Simon Donald

Simon Donald

Date of birth: 19-03-1964

The co-founder of Viz magazine, Newcastle-born Simon Donald turned to stand-up in 2005.

He set up the cult comic in 1979 with his brother Chris, where his creatings included Sid the Sexist. When Chris quit as editor in 1999, Simon took up the role of co-editor, leaving in 2003.

He has also been a stage manager, singer with a comedy rock band called Johnny Shiloe’s Movement Machine, manager of the indie band Hungover Stuntmen and presenter of a short-lived regional panel show, the Regionnaires, which aired on ITV Tyne Tees, in 2004.

His comedy act began as straight stand-up, but has recently evolved into character work.


Note: This review is from 2013

Review by Julia Chamberlain

Simon Donald dials up his performance to 11 on this powerhouse of energy, which ultimately becomes quite exhausting. He roars, he sings, he jumps around, there are flashing psychedelic shirts, voices from beyond the grave, spinning camerawork and tea.

He’s smart, this is a great title and the subject matter has stacks of potential for for exploring stereotypes of what is butch (powertools, beer, sheds), what is straight (heterosexual sex) and what is poof – everything else. But this is the man from Viz, so it’s not going to be that straightforward.

With a bit of scene-setting about the show he was thinking of doing before deciding it would have been too boring, plus some derivatives of bad TV shows like Nanas Say the Funniest Things, this is like watching someone with attention deficit disorder, except there’s meticulous preparation and organisation backing this up.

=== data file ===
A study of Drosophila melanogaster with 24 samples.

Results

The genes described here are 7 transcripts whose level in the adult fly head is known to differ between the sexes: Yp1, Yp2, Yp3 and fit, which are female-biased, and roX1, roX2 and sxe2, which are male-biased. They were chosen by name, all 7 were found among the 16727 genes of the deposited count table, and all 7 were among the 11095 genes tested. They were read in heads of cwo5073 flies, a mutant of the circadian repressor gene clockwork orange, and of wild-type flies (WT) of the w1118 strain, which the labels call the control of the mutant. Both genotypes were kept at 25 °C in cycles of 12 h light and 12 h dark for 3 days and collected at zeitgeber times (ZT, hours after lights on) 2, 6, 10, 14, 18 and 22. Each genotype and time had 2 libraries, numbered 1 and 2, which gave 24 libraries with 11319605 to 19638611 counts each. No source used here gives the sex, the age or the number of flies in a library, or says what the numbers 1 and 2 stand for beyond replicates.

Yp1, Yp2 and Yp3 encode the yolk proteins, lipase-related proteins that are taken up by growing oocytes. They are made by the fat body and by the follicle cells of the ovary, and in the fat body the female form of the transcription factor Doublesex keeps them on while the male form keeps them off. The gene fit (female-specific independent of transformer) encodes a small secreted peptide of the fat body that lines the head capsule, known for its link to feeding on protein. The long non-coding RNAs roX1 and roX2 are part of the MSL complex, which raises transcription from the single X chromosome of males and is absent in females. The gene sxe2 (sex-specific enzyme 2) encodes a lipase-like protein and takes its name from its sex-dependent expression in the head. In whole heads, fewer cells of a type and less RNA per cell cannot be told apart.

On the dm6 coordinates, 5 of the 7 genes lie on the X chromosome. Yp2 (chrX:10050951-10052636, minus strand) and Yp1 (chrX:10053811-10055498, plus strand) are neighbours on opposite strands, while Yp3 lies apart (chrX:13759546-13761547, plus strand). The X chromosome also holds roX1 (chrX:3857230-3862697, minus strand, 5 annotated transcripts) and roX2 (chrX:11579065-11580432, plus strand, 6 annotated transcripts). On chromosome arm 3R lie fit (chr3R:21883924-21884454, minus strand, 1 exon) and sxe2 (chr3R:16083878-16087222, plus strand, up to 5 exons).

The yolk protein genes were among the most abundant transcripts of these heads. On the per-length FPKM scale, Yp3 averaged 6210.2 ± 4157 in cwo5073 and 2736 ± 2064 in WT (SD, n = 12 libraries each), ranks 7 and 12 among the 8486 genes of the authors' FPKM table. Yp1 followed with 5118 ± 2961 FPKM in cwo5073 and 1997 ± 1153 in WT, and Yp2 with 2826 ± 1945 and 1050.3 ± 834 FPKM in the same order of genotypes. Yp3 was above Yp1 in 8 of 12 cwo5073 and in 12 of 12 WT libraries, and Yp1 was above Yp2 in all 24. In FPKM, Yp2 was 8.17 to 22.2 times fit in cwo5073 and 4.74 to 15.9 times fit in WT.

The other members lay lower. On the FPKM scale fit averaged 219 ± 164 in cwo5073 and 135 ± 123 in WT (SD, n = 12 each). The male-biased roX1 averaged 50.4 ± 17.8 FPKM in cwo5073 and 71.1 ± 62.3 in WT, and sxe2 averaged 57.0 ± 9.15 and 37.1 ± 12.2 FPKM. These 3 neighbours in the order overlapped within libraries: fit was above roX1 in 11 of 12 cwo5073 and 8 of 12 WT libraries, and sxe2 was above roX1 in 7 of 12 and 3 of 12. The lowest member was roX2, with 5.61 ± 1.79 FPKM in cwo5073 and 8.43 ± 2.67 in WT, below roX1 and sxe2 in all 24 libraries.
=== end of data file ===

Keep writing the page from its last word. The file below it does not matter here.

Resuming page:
He cracks some shamelessly awful jokes, indulges (and that is the right word) in some audience interaction with a rather beautifully illustrated quiz game, and draws on a re-creation of a truly ghastly Newcastle talk-radio phone in. The effect of voices off, flashing pictures and his maximum-volume delivery is quite disorientating; you will either love it or hate it.

For me, it became like white noise, not unlike being in shop with the music too loud, so that I ended up tuning out, no matter how hard I tried to concentrate. And weirdly it drowned out the audience response, which contributed to the sensation of watching something in isolation that might as have been on the internet rather than a live event.

When he does drop down to a more conversational delivery, the effect is compelling. The more successful parts of the show are the most personal, when he’s just talking about himself and why his friends have accused him of non-sexual poofery.

The offstage voices – Nana, the radio broadcaster and his phone-in subjects – are broadly drawn comic book creations, not surprisingly, and there’s that good comedy stalwart, a comedy Venn diagram. But for me the show was draining, with too much happening and not enough being said.